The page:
Now, it's President Barack Obama's former campaign manager who's pitching Gov. Jon Huntsman Jr. as a potential GOP challenger for the White House in 2012.
David Plouffe is a "wee bit queasy" about the prospect of a Huntsman candidacy, according to U.S. News Weekly's "Washington Whispers" column first posted on the digital news magazine's subscriber-only Web site last Friday.
"I think the one person in that party who might be a potential presidential candidate is Gov. Jon Huntsman of Utah," Plouffe is quoted as saying. "I think he's really out there speaking a lot of truth about the direction of the party."
Of course, the column also points out that there's no potential Republican opponent that makes the longtime Democratic Party strategist "shake in his shoes." But, Plouffe notes, "four years ago, Sen. Barack Obama wasn't even in the conversation, so it may very well be someone that none of us are really talking about right now."
Plouffe's focus on Huntsman impressed Todd Weiler, Utah State Republican Party vice chairman.
"You can always question the sincerity and the motivation for a statement like that, but my gut reaction would be that it was honest," Weiler said. "They see Huntsman as an attractive candidate who is moving toward the middle and has a legitimate resume."
Kirk Jowers, head of the University of Utah's Hinckley Institute of Politics, said Huntsman "is getting the rewards of sticking his neck out on issues," including support for gay rights and addressing climate change — in one of the nation's reddest and most conservative states.
"Regardless of whether Plouffe was being sincere, the demographics and trends certainly show the Republican Party has to change lanes a little bit, and Huntsman has become the leading voice of reform," said Jowers, who was appointed by Huntsman to head a commission on boosting voter turnout in Utah.
Huntsman's stands have been attracting the attention of The New York Times, The Washington Post, CNN and other national media for some time. His support for civil unions led to a Michigan GOP group canceling his appearance last week.
The swing through Michigan was just the latest political trip by Huntsman to a key Republican primary state. The governor, though, won't say what his political plans are, beyond not seeking a third term as governor.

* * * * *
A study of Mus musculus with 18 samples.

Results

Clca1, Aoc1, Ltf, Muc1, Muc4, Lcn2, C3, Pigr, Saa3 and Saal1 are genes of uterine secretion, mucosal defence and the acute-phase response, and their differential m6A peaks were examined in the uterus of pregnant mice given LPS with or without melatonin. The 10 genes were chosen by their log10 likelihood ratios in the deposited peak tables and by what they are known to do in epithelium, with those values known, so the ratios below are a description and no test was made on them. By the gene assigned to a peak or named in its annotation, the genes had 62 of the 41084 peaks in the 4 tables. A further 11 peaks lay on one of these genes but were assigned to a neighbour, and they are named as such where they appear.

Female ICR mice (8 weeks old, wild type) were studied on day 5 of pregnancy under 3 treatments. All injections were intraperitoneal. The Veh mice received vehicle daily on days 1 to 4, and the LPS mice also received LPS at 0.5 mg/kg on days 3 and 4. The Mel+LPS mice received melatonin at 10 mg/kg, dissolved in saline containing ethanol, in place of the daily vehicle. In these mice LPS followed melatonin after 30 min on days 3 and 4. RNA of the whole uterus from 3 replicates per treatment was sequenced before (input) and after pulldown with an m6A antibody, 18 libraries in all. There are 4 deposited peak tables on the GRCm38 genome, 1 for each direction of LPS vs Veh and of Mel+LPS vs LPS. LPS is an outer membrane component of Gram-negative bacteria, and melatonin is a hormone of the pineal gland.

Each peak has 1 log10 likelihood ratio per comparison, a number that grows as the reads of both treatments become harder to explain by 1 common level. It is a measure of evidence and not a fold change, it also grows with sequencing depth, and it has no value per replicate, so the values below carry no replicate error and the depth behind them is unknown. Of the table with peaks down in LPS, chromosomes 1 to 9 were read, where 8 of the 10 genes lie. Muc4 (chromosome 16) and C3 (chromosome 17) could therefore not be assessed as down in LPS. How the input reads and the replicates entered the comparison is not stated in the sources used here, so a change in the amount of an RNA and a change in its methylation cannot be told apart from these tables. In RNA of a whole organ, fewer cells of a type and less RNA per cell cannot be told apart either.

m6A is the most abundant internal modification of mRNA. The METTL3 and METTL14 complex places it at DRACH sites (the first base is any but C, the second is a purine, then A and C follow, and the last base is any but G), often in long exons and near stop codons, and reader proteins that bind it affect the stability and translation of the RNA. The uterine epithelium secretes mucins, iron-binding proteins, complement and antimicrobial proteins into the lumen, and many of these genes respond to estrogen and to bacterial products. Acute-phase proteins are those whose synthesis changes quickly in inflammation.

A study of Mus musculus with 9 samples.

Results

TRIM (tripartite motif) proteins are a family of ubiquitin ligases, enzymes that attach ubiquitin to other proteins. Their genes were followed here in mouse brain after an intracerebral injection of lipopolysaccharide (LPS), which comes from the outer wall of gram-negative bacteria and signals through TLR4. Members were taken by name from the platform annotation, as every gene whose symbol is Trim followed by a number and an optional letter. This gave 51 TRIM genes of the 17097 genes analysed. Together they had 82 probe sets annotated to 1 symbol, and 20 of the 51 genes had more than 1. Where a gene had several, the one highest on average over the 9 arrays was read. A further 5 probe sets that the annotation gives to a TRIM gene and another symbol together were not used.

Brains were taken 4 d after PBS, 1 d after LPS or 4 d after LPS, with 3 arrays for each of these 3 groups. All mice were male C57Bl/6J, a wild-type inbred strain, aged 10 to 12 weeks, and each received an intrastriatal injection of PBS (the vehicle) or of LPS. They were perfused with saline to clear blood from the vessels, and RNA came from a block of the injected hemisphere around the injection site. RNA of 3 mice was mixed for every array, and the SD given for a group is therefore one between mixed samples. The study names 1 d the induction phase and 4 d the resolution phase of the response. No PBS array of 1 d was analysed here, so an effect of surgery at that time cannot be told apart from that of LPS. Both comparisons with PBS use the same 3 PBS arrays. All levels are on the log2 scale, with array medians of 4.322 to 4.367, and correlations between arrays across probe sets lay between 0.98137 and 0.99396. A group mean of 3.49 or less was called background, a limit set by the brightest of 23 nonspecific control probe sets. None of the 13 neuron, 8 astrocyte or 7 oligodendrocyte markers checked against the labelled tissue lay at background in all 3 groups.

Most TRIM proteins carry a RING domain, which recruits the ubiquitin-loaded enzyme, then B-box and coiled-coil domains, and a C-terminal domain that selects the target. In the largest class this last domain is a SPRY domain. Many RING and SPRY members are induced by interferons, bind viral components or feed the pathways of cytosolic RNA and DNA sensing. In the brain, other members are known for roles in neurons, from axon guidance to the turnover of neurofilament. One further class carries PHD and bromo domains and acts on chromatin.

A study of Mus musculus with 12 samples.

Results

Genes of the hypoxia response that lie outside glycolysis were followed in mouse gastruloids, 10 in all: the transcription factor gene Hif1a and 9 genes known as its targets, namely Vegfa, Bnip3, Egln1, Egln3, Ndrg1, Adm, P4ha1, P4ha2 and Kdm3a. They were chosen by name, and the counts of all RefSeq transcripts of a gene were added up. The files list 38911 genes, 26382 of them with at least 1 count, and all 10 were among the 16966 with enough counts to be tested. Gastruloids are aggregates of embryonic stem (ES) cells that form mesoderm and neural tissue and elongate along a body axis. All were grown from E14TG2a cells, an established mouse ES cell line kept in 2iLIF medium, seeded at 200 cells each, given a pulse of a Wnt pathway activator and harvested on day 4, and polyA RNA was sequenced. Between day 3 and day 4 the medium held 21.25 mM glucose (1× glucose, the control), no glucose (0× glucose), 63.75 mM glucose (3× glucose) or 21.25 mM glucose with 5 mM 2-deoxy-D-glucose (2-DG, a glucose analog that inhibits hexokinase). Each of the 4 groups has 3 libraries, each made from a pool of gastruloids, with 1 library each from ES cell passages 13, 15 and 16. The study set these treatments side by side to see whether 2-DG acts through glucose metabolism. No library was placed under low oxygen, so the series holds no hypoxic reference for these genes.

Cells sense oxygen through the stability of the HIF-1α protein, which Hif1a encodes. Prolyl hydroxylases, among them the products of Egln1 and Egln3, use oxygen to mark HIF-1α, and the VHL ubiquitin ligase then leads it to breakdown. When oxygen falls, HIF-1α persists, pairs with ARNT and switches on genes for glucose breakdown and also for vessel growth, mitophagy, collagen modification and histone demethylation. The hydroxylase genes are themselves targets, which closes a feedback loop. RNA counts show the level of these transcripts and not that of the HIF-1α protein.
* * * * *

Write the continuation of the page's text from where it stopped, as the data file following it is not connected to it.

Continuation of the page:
"The governor is not looking to make anyone queasy," Huntsman spokeswoman Lisa Roskelley said. "He's just working on building the party."
Huntsman is not the only possible presidential candidate with Utah ties. Former Salt Lake City Olympic leader Mitt Romney is widely viewed as a leading contender for the GOP nomination in four years, after his second-place finish for the party nod in 2008. Romney, who like Huntsman is a Mormon, won Utah's Republican primary last year with a whopping 90 percent of the vote.
Huntsman did not back Romney's presidential bid, instead supporting the party's eventual nominee, Arizona Sen. John McCain. Now McCain and his team appear to be returning the favor.
While Huntsman has yet to put together any sort of visible campaign structure, he has met with pollster and strategist Frank Luntz and has scheduled a telephone call with him Tuesday.
The governor also is getting advice from John Weaver, a former chief strategist to McCain with a colorful history. After serving as McCain's political director in the 2000 race, Weaver switched to the Democratic Party, then back to the GOP for McCain's 2008 run.
According to Atlantic Online, it was Weaver who helped recruit Huntsman to the McCain camp. And although Weaver left McCain's campaign during an upheaval in mid-2007, he helped McCain beat Romney in Florida by securing Florida Gov. Charlie Crist's endorsement.
Roskelley said Weaver and Huntsman don't have a formal relationship.
"The governor doesn't have any contracts and isn't paying anyone to consult or anything like that," she said. "Certainly, they talk politics. He's a longtime friend, but he's not hired as a consultant."
Huntsman has been left out of a new GOP organization created to help redefine the party, the National Council for a New America. Romney, however, is playing a big role in the new organization, suggesting he has the backing of the party faithful.
"That's one of the key questions, will Gov. Huntsman be a man too ahead of the times for the Republican Party. If so, he'll remain a bit of a voice in the wilderness," Jowers said. "I think Huntsman feels whether he's proven right by 2012 or 2016, he's on the right side of history."